The beginning of June 2016 was so different to June 2015. No rain at all for the first 9 days, mainly sunny days and warm temperatures, becoming increasingly humid. And generally light winds, so that eating outside was an option most days. What a treat!
The garden responded to all this warmth with the most fabulous display of flowers and foliage that we can remember. After such a slow cool start to spring, such a temperature change meant most of the garden hummed with insect life, and as usual, the cuckoo’s call diminished to some very brief sessions in early morning. The occasional more blustery session created some impressionistic photo opportunities.
One consequence of the rise in temperature and humidity was our earliest ever cases of fly strike in one of our ewes – the scenario where blowflies lay eggs on damp, soiled fleece – in this case a very small section of mucky tail wool, and having hatched very rapidly, the maggots proceed to eat into the flesh. Very unpleasant and potentially life threatening, if not dealt with promptly. All our lambed ewes were quickly “dagged” – clipping off any mucky fleece from around the tail area. It’s a bit early for shearing yet, but this dagging reduces the risk of further incidents dramatically.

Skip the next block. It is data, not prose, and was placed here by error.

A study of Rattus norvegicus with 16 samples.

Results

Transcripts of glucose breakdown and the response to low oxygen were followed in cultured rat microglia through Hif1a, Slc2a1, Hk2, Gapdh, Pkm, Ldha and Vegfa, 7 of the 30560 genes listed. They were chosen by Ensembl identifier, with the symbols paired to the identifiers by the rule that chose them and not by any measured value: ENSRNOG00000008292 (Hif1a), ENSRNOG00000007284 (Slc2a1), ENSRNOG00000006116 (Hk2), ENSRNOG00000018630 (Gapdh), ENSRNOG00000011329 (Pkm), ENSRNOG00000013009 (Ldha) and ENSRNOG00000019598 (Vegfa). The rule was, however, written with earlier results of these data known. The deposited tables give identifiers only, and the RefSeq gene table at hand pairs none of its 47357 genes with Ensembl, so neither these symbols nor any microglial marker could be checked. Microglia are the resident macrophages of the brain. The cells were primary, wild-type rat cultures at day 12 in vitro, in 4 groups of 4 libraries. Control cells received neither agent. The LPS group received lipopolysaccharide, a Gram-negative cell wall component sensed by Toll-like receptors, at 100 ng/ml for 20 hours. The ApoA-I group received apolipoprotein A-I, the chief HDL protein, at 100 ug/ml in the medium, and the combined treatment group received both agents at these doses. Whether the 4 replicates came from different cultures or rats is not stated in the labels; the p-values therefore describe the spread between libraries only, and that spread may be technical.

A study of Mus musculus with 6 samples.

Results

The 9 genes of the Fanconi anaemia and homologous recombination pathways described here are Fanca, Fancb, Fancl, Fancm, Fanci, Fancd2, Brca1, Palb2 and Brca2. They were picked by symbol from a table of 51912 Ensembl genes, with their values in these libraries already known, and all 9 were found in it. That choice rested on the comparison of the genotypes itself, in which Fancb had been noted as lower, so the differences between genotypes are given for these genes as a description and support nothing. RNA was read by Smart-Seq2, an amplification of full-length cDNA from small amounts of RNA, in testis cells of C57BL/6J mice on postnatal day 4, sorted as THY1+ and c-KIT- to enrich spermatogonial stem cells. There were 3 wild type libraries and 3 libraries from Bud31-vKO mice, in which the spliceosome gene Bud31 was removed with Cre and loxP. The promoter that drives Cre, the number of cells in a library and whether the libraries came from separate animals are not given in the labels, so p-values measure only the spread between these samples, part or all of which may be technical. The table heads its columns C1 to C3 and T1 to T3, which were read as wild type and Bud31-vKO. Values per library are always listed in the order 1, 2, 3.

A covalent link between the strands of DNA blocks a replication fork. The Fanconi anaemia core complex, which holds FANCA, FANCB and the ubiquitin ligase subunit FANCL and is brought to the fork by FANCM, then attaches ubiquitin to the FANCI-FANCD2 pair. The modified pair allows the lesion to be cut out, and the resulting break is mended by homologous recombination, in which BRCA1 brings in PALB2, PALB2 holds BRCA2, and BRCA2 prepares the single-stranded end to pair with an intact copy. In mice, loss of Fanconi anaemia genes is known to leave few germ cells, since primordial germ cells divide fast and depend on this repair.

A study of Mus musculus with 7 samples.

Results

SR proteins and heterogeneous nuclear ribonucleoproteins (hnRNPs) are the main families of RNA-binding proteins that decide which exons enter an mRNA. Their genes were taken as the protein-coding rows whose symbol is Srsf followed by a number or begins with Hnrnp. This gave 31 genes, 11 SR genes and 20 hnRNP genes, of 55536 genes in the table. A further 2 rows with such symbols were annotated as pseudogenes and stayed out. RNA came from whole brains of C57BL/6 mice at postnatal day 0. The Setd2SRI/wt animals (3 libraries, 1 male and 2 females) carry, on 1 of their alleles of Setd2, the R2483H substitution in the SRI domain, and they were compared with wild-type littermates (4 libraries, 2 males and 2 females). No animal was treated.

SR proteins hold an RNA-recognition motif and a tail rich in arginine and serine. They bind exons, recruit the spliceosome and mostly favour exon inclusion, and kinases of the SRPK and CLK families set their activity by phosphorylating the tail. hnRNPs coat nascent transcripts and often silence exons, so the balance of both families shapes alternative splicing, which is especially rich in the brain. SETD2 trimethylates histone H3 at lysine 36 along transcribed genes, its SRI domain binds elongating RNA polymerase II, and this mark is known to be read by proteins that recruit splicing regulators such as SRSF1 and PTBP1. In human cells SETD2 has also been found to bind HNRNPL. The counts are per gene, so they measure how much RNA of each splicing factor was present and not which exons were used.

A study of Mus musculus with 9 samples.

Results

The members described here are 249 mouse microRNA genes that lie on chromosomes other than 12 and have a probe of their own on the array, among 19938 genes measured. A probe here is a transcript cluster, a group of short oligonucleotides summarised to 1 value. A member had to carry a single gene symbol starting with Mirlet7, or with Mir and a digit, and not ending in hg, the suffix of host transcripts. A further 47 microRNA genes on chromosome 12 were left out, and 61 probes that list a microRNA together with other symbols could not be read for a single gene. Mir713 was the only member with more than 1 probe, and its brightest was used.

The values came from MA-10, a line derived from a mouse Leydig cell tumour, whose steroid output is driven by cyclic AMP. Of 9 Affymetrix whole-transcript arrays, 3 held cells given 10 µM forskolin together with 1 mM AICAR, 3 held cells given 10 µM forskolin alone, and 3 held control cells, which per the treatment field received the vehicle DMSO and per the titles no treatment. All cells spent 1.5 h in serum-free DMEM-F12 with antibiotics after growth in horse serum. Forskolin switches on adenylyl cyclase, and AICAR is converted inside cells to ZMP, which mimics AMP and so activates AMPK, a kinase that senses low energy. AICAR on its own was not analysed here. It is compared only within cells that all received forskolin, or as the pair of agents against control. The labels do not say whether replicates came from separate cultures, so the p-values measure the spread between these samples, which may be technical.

After nearly 10 days with no rain, conditions became cooler and damper, but unlike many parts of the UK, we were fortunate to avoid heavy rain until the longest day of the year. On many days, the dramatic clouds to the South and East, showed just how close we were to heavy deluges. A warmer day on June 18th saw the first appearances, for 2016, of several species in the upper hay meadow. Small Skipper, Thymelicus sylvestris, Meadow Brown, Maniola jurtina, and Ringlet, Aphantopus hyperantus, – actually a couple of days earlier – butterflies; Narrow-bordered Five-spot Burnet moth, Zygaena lonicerae, and our single heath spotted orchid hybrid, Dactylorhiza maculata, and first ever Eyebright flower, Euphrasia, spp.
This meadow has changed so significantly in the last few years, thanks to introduced yellow rattle seed, Rhinanthus minor, which significantly weakens some of the more vigorous leafy grasses, thanks to its hemi-parasitic nature.No opportunities presented for any hay to be taken off in June, as the weather remained showery up to the end of the month, without a really high rainfall total for the month. At 115.7 mm, it fell below the average for Wales for June 2016 of 139.6 mm, which, according to the Met Office, was 163% of the normal rainfall for Wales in June between 1981 and 2010. So the curious position for us, of being drier than average, in a year which was quite widely wetter than average for the month. The PV records the fairly average amounts of sunshine over the whole month, with just a couple of sunny days in the latter half.